There seems to be an error in the math. EOO = 87,600 km2. Four birds per km2 = 350,400 birds, times 0.1 (10% of mapped range occupied) = 35,040 birds – the minimum pop size estimate. Sounds like the EOO estimate that went into the pop size calculations above is smaller than 87,600 km2.
Be that as it may, I do not believe that a population density estimate from O. leucopleurus in Argentina is representative for O. adela just because they are congeners. For starters, they differ in natural history in that O. leucopleurus is a partial austral migrant (see Herzog et al. 2019, Birds of Bolivia Field Guide) and O. adela a year-round resident. In Bolivia, O adela is not only patchily distributed, but also quite rare in general. Perhaps in the southernmost of the 3 range polygons it is more common, but anywhere else I would think that a density of 4 birds per km2 is pretty high, let alone 12 per km2.
In conclusion, using a density estimate of a congener as a yardstick for this Bolivian near-endemic seems ill-founded to me and likely overestimates the population size of O. adela.
Thank you for your comment!
The population size has not been calculated by multiplying the density with the EOO, but instead by multiplying it with the area of mapped range. The EOO, as defined by IUCN, depicts the spatial spread of the extinction risk. It is quantified as the area covered by a minimum convex polygon around the mapped range and may also include unoccupied sites or areas of unsuitable habitat. In most cases, the EOO is therefore (considerably) larger than the actual range.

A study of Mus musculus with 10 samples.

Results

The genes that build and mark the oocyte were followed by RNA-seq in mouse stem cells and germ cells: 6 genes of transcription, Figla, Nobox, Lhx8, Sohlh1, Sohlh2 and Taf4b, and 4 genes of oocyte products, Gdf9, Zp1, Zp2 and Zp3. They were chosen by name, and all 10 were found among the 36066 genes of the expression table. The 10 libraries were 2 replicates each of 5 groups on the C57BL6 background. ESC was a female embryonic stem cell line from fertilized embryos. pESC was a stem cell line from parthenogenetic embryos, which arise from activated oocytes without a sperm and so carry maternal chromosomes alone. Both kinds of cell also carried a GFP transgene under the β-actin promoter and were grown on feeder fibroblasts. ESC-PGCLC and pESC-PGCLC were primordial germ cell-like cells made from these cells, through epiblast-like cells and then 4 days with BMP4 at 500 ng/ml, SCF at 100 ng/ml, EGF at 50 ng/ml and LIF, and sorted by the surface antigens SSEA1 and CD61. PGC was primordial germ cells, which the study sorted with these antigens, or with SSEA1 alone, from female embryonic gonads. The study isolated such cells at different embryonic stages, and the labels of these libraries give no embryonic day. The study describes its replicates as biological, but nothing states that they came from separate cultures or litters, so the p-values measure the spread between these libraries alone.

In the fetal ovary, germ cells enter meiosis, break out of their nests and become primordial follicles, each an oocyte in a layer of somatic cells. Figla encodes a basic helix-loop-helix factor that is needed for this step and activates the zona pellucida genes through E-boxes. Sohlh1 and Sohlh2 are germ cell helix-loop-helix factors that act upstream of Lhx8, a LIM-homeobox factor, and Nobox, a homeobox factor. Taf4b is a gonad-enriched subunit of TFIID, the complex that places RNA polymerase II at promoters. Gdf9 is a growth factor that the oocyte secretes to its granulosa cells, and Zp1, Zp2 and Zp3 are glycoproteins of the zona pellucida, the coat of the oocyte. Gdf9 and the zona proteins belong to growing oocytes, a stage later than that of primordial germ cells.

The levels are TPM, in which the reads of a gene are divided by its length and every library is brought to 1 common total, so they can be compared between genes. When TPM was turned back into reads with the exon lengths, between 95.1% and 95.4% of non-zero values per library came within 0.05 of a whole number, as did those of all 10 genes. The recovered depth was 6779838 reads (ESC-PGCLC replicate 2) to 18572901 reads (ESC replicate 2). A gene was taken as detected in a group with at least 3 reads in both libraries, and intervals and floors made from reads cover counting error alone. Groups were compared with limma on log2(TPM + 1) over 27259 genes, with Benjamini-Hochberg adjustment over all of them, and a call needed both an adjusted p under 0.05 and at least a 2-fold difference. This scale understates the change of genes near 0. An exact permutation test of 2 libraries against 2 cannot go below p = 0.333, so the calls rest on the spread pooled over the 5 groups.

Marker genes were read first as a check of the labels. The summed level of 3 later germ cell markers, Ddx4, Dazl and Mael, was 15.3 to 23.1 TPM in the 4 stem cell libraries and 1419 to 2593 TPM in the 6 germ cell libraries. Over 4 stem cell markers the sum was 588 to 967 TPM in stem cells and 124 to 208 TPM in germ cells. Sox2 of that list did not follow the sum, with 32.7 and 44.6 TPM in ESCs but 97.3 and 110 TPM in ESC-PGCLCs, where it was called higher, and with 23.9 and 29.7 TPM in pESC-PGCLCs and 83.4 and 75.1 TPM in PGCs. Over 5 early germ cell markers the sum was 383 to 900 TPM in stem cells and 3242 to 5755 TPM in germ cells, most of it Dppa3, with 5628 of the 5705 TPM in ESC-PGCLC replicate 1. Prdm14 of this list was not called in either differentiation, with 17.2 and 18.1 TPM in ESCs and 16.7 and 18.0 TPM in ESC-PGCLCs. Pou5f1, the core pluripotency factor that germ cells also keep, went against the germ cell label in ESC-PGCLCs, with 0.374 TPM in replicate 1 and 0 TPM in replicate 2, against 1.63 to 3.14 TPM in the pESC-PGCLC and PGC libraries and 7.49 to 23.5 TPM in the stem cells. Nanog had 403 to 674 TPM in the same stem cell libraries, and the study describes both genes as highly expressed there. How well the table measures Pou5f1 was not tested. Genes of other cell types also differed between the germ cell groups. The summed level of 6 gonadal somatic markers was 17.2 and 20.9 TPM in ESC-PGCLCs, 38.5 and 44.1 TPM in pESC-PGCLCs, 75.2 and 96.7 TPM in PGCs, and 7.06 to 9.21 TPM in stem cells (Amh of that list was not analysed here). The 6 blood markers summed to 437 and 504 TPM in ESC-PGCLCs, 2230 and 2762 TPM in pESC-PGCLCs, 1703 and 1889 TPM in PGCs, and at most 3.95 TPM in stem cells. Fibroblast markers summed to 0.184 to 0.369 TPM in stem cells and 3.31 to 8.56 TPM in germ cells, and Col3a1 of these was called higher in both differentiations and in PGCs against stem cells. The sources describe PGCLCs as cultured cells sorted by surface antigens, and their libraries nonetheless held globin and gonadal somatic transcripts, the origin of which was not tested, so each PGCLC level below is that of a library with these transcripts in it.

Many thanks to everyone who has contributed to this discussion. We greatly appreciate the time and effort invested by so many people in commenting. The window for consultation is now closed. We will analyse and interpret the new information and post a preliminary decision on this species’s Red List status on this page in early July.
Thank you once again,
BirdLife Red List Team
Based on available information, our preliminary proposal for the 2021 Red List would be to adopt the proposed classifications outlined in the initial forum discussion.
The population size has been recalculated using a density of 4 individuals/sqkm as the upper limit, resulting in a revised value of up to 15,200 individuals, and consequently the population size is now placed in the band 2,500-9,999 mature individuals. Nevertheless, the size of the largest subpopulation in the southern part of the range would still considerably exceed the threshold of 1,000 mature individuals. Overall, in view of the overall low quality of the population size value, the lack of a trend estimate and lack of data from which to infer a continuing decline, as well as the size of the subpopulations, the species cannot be considered approaching the threshold for listing as threatened.
There is now a period for further comments until the final deadline in mid-July, after which the recommended categorisations will be put forward to IUCN.
The final 2021 Red List categories will be published on the BirdLife and IUCN websites in December 2021, following further checking of information relevant to the assessments by both BirdLife and IUCN.
Recommended categorisation to be put forward to IUCN
The final categorisation for this species has not changed. Wedge-tailed Hillstar is recommended to be listed as Least Concern.
Many thanks for everyone who contributed to the 2021 GTB Forum process. The final 2021 Red List categories will be published on the BirdLife and IUCN websites in December 2021, following further checking of information relevant to the assessments by both BirdLife and IUCN.